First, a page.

With Washington visit, President Santos pushes post-conflict Plan Colombia

President Santos arrives in Washington
President Santos arrives in Washington

[dropcap]C[/dropcap]olombian President Juan Manuel Santos arrived in Washington on Tuesday, where he will speak with U.S. President Barack Obama, Vice President Joe Biden, Secretary of State John Kerry, congressional leaders, international economic experts and think tank heads during a three-day visit.

Officially, the visit marks the 15th anniversary of Plan Colombia, a roughly $10 billion military and economic aid package created as part of the United States war on drugs.

The plan’s effectiveness at its primary goal — reducing illicit crop cultivation and drug trafficking — has mostly been a failure. Colombia remains the world’s largest producer of coca.

However, Colombian and U.S. leaders, including Secretary of State Kerry, have suggested that an infusion of military aid played a role in bringing the Revolutionary Armed Forces of Colombia (FARC) to the peace negotiation table in Havana, Cuba.

Because of those negotiations, this anniversary is likely the last for the current version of Plan Colombia. While in Washington, Santos is expected to request a new strategy and aid package in light of the pending peace agreement with the FARC to end the nation’s five-decade civil conflict.

“Having helped Colombia create the conditions for a peace accord, the United States must now help Colombia seize the enormous promise that peace affords,” wrote Secretary of State John Kerry in an op-ed published by the Miami Herald last weekend.

According to op-ed, the new plan will still address Colombia’s ongoing drug production and trafficking, but will also help step up security in former FARC territories and offer support for conflict victims.

Full details have not yet been announced, but the financial value of the new plan is expected to exceed the old one. The U.S. Congress must approve any new aid package before it takes effect.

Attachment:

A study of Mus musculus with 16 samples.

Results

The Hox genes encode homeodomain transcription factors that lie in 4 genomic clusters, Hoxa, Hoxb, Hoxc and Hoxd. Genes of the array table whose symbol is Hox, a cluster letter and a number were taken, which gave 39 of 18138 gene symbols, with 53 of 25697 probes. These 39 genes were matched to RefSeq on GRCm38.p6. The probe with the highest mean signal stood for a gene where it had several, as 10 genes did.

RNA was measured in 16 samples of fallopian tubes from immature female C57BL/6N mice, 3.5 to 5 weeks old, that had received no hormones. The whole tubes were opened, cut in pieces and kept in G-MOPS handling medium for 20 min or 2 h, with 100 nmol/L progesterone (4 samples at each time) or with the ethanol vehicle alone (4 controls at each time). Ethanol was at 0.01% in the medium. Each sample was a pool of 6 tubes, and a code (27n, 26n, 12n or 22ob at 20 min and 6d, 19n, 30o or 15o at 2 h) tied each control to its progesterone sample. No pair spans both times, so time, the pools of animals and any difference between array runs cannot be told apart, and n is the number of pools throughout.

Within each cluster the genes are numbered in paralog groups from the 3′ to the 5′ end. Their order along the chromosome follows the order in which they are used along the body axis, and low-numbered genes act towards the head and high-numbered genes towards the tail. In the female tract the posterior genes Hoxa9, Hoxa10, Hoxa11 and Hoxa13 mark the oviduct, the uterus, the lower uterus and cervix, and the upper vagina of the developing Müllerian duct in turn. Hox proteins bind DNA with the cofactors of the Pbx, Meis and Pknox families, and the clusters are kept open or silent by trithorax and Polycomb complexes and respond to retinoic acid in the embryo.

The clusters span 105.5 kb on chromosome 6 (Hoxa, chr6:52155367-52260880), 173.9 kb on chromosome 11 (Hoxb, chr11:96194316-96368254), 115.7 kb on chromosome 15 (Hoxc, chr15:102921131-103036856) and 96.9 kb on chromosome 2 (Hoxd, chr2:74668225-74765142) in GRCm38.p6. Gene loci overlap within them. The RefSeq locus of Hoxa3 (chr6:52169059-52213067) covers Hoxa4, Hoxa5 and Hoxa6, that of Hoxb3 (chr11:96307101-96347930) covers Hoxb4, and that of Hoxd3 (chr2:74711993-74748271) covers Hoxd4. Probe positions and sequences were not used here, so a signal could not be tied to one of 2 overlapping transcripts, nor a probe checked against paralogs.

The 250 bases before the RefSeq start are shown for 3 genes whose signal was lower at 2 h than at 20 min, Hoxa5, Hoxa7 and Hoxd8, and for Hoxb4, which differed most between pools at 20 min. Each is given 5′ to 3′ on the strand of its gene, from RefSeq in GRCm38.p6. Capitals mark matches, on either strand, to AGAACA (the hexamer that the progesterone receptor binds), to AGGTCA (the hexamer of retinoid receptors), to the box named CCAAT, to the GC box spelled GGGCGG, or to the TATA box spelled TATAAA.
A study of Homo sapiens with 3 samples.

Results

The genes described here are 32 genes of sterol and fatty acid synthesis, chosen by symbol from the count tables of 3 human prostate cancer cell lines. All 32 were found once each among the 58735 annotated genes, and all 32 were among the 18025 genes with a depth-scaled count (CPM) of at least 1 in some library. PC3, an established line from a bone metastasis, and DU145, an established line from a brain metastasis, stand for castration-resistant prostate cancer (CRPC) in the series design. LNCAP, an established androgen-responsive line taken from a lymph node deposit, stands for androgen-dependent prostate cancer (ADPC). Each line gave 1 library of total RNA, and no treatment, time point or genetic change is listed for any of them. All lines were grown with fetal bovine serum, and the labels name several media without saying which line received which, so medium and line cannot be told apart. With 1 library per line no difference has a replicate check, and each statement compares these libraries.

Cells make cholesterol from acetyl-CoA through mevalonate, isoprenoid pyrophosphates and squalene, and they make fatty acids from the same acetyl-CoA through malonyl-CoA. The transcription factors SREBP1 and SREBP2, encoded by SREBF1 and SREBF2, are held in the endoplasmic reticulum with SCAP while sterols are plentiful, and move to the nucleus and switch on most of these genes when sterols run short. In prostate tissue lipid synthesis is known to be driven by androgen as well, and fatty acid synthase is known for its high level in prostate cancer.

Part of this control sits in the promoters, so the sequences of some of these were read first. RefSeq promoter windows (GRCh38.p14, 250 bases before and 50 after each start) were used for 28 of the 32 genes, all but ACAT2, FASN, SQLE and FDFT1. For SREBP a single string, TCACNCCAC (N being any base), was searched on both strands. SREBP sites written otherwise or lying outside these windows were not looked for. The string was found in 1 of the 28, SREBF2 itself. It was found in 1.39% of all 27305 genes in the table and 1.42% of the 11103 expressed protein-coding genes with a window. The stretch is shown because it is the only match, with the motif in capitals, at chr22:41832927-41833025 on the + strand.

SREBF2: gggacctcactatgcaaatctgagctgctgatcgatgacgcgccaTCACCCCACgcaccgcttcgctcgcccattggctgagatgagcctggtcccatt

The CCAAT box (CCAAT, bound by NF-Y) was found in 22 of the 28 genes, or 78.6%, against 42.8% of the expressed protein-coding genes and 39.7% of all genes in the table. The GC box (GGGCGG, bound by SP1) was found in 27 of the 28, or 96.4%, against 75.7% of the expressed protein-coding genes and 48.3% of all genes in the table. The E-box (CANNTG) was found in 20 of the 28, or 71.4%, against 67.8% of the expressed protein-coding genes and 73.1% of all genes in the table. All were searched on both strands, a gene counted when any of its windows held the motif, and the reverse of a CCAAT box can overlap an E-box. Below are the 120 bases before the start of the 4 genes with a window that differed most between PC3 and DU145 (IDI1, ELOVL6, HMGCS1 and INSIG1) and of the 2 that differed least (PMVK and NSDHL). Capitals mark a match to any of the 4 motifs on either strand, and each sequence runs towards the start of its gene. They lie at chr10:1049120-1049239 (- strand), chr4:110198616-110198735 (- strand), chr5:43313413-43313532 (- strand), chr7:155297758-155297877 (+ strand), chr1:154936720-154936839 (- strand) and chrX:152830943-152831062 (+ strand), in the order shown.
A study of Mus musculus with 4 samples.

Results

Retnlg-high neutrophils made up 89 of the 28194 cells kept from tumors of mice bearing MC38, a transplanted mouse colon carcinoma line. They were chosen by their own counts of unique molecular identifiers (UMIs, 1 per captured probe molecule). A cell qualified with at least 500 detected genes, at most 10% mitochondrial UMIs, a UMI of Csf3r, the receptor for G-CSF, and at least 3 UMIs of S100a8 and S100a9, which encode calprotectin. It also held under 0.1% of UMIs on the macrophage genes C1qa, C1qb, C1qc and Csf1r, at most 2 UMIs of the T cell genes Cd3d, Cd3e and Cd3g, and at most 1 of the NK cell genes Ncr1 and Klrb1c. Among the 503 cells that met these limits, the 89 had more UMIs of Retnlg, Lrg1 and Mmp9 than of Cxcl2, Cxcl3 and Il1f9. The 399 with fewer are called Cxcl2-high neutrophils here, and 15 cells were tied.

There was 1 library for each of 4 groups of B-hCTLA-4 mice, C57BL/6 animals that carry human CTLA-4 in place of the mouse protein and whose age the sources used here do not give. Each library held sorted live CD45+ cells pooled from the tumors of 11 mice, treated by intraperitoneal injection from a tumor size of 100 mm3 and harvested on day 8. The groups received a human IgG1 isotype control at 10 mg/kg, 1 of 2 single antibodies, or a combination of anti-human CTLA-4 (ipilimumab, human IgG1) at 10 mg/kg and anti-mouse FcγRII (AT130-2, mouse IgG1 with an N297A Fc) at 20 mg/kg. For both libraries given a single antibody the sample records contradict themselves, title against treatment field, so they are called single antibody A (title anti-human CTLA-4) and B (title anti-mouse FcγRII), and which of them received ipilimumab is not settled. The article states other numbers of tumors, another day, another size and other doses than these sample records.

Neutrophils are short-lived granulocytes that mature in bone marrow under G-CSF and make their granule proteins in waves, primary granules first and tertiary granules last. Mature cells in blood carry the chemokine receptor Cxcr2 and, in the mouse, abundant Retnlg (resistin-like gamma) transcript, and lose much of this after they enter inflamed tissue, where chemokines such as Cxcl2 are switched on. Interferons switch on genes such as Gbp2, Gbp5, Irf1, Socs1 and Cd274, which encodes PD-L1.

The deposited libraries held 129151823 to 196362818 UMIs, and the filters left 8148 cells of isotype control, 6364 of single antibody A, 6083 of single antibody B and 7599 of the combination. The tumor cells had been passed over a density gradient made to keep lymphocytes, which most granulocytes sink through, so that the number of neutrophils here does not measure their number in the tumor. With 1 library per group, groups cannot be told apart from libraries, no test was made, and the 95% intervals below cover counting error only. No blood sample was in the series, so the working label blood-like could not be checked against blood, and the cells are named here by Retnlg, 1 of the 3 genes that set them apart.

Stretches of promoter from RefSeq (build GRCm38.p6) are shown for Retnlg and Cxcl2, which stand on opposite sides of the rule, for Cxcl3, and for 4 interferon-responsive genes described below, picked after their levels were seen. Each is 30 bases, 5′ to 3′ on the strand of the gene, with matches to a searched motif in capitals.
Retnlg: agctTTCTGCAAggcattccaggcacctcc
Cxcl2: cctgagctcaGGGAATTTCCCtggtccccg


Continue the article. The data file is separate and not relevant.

On Wednesday, Santos will speak with members of several Washington think tanks, have lunch with the U.S. Chamber of Commerce, meet with Speaker of the House of Representatives Paul Ryan, visit the new Colombian embassy and attend a presentation of Show Delirio, a “salsa circus,” at the Lincoln Theater.

On Thursday, he will meet with Senate leadership, Vice President Biden, Secretary General of the Organization of American States Luis Almagro and, finally, with President Obama.

Wrapping up the trip on Friday, Santos will meet with Secretary Kerry and hold a press conference, during which they are expected to announce initial details of an updated version of Plan Colombia.

Last week, President Santos asked the United States to remove the FARC from the State Department list of international terrorist organizations in light of the ongoing peace process. Similarly, FARC peace negotiators asked the European Parliament to remove the guerrilla group from the EU terrorist list.

“Peace in Colombia depends heavily on the European Union,” said FARC chief negotiator Iván Márquez in a videoconference address to the European Parliament on Thursday. “In the search for peace, the fairest and most consequential decision is to remove the FARC from the list of terrorist organizations.”

In an interview with the Associated Press on Friday, President Santos requested that the FARC be removed from the U.S. terrorism list “the shorter the better” following the eventual signing of a peace accord.

However, Centro Democrático leader and former presidential candidate Óscar Iván Zuluaga criticized the request saying that the FARC have not given up terrorist activities.

“The FARC continue to act like a terrorist group. They continue to recruit minors, continue to extort, continue to be active in illegal drug trafficking,” said Zuluaga in a statement Saturday.

Prominent international non-governmental organization Human Rights Watch is also expected to lobby against elements of the current peace deal during Santos’ visit to Washington.

The organization has criticized protections for victims of the conflict and suggested that provisions holding former FARC rebels accountable for crimes are too lenient.

President Obama and his administration, however, have been outspoken in their support of President Santos and the negotiation process. Obama even mentioned Colombia briefly during his State of the Union speech in January.

And the official invitation under which President Santos arrived in Washington this week is an indication that the Obama administration is committed to a post-conflict Colombia.